Friday, December 11, 2009

Dramatic Growth of Open Access: December 11, 2009 early year-end edition

chart showing strong growth of open access mandates from 2008 to 20092009: a great year for OA!
While dramatic growth continues in all aspects of open access, the story of the year and especially of the last quarter is a dramatic leap in open access mandate policies, particularly institutional and departmental policies. In the past year, institutional mandates (as recorded on ROARMAP) more than tripled, from 25 to 79. Nearly half that growth has come in the past week, from just one country - Finland, with its recent announcement of open access mandate policies at all 26 of Finland's applied sciences universities, as reported by Peter Suber on Open Access News. Update Dec. 13: Alma Swan has updated her chart on OA mandate growth. Note that our numbers are slightly different, as I include thesis mandates in the total, and Alma doesn't.

chart showing strong growth of titles in DOAJ from 2005 to 2009

Strong growth continues in open access journals. The Directory of Open Access Journals, currently at 4,400 titles, added more than 700 titles in the past year, or about 2 titles per day.

chart showing strong growth in publications in scientific commons from 2007 to 2009There is plenty of holiday reading in all of those more than 1,500 repositories as recorded by OpenDOAR. Scientific Commons, now over 32 million publications, grew by more than 8 million items in 2009; that's more than 20 thousand publications per day.

Update December 15: BASE may now be the largest search engine in terms of repositories; see this chart for BASE numbers (thanks to Dirk Pieper).

E-LIS, the Open Archive for Library and Information Studies, recently surpassed an important milestone of over 10,000 items.

chart showing percent of articles under Public Access in PMC by journal
The percentage of NIH-funded research that is freely available after 2 years is 41% for external researchers and 50% for internal researchers. This is definitely growing; but the figure should be 100% at 1 year, should it not? This issue of Dramatic Growth illustrates, in a small way, how we can begin to figure out who has been naughty and who has been nice, to help authors meet this simple requirement of our generous research funders.

Here are some quick figures for OA compliance rates with the Public Access Policy for a few journals. Note that this is not a representative sampling, rather just a few titles selected at random from the publishers' websites:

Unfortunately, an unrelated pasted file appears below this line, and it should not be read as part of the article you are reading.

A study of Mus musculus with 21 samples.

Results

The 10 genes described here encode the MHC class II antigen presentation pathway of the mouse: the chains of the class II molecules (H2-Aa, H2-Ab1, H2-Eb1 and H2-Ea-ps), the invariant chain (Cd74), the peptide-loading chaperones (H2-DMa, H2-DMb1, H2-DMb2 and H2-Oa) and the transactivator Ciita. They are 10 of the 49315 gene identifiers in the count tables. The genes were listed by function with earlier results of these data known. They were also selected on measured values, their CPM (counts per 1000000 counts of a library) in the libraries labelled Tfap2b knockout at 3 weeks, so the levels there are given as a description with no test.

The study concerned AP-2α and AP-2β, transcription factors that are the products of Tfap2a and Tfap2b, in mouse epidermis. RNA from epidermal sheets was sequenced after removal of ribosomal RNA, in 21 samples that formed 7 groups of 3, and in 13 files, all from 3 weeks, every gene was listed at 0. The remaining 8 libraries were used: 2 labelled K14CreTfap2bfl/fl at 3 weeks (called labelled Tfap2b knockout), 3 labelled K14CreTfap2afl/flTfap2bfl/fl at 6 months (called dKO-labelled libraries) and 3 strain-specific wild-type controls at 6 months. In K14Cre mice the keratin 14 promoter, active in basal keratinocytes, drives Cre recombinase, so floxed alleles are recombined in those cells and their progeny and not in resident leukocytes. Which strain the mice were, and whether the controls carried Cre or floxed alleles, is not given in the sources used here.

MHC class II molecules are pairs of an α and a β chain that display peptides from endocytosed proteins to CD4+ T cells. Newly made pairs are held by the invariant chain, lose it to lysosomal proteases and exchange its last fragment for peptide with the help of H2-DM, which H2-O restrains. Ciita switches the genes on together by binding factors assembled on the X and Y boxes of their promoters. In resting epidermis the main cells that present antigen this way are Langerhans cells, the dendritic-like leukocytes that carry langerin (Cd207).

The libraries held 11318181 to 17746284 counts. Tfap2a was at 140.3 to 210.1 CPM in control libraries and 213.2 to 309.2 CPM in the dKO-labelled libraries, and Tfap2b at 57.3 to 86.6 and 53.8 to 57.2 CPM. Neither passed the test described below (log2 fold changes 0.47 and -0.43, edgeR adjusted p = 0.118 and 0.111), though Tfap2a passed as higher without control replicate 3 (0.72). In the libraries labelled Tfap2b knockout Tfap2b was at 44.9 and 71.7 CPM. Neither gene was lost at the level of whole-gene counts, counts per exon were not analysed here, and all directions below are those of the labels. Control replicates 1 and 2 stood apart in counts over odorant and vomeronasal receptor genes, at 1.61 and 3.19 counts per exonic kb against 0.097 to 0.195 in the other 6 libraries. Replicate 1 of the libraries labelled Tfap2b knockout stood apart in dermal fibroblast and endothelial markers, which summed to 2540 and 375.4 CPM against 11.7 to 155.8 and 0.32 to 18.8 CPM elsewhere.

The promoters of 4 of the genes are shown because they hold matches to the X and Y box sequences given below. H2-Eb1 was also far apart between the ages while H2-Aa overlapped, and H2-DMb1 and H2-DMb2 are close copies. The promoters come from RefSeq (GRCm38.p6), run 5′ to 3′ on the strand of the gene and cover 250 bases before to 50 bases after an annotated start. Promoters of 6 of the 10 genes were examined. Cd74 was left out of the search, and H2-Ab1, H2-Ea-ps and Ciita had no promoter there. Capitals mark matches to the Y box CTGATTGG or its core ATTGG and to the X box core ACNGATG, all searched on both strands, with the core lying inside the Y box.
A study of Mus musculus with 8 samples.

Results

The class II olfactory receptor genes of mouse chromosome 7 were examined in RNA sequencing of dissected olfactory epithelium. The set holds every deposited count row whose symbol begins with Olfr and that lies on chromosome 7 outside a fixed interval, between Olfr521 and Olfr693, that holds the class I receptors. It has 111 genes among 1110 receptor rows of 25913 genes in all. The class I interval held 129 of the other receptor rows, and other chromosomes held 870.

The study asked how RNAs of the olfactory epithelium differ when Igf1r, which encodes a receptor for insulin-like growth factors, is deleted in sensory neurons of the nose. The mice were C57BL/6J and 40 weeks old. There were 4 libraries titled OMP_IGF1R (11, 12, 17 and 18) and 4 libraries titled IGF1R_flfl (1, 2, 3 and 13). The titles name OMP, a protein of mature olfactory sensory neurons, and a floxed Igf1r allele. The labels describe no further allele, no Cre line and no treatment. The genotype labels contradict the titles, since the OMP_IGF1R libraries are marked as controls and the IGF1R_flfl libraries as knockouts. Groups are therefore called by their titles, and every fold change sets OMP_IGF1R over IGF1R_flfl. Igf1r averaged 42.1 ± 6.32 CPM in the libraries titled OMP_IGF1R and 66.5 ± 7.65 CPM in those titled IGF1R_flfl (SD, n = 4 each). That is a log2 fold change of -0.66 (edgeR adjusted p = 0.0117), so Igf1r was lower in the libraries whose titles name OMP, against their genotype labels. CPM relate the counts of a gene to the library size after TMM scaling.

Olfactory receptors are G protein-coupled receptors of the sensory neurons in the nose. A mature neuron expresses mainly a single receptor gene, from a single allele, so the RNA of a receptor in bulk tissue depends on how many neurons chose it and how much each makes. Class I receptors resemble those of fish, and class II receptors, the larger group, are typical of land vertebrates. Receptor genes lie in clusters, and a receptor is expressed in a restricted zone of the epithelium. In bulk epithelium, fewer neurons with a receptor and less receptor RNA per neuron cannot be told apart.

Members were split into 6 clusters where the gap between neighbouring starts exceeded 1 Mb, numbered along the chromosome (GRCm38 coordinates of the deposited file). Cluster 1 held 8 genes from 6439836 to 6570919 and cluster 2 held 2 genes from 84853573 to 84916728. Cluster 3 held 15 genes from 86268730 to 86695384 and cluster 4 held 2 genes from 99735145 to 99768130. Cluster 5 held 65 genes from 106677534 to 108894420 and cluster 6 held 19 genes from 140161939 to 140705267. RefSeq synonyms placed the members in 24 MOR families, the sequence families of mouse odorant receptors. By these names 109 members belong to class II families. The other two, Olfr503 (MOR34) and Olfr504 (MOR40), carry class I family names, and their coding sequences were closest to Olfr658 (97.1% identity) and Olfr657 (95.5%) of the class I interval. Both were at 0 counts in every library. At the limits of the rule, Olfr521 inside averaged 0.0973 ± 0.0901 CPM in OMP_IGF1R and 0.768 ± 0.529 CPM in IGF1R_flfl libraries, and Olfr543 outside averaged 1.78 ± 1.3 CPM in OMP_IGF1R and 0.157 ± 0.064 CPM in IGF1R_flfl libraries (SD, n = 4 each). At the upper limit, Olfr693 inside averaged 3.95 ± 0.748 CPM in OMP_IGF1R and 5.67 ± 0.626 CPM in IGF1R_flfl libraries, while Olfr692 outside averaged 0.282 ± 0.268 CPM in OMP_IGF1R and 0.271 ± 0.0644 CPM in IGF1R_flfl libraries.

• PLoS Medicine: 100%
  • BMC Cancer: 100%
  • American Journal of Epidemiology: 95%
  • Addictive Behaviors (Elsevier): 37%
  • American Heart Journal (Elsevier): 22%
  • Annals of Surgical Oncology (Springer): 12%
  • Breast Cancer Research and Treatment (Springer): 9%
Speaking of nice, with this issue the more than 1.6 million books provided under OCA principles or the public domain by the Open Content Alliance is recorded.

One thing to look forward to in 2010 is a very strong probably that the world's largest scholarly journal will be an open access journal, the award-winning PLoS One. OA mandate mania is sure to continue ~ not only are discussions underway at many a university and department, but now that we have a substantial and growing set of role models the benefits of an OA mandate ~ such as increased impact and web presence ~ will become that much more obvious, inspiring yet more mandates. FRPAA is on the list for a U.S. rapidly moving towards open government on many fronts.

There is no need to wait for New Year's to make your resolutions; why not join the Compact for Open Access Publishing Equity today?

To everyone who has worked hard for open access all year long ~ those with visible achievements to show, and those with quieter progress alike ~ kudos, thanks for all that you do, and best wishes for a wonderful holiday.

Open Data editions of Dramatic Growth of Open Access:
DGOA Dataverse (courtesy of Harvard)

Google docs for viewing (thanks, Google!)
Google docs full data version
Google Docs Show Growth Edition

This post is part of the Dramatic Growth of Open Access series.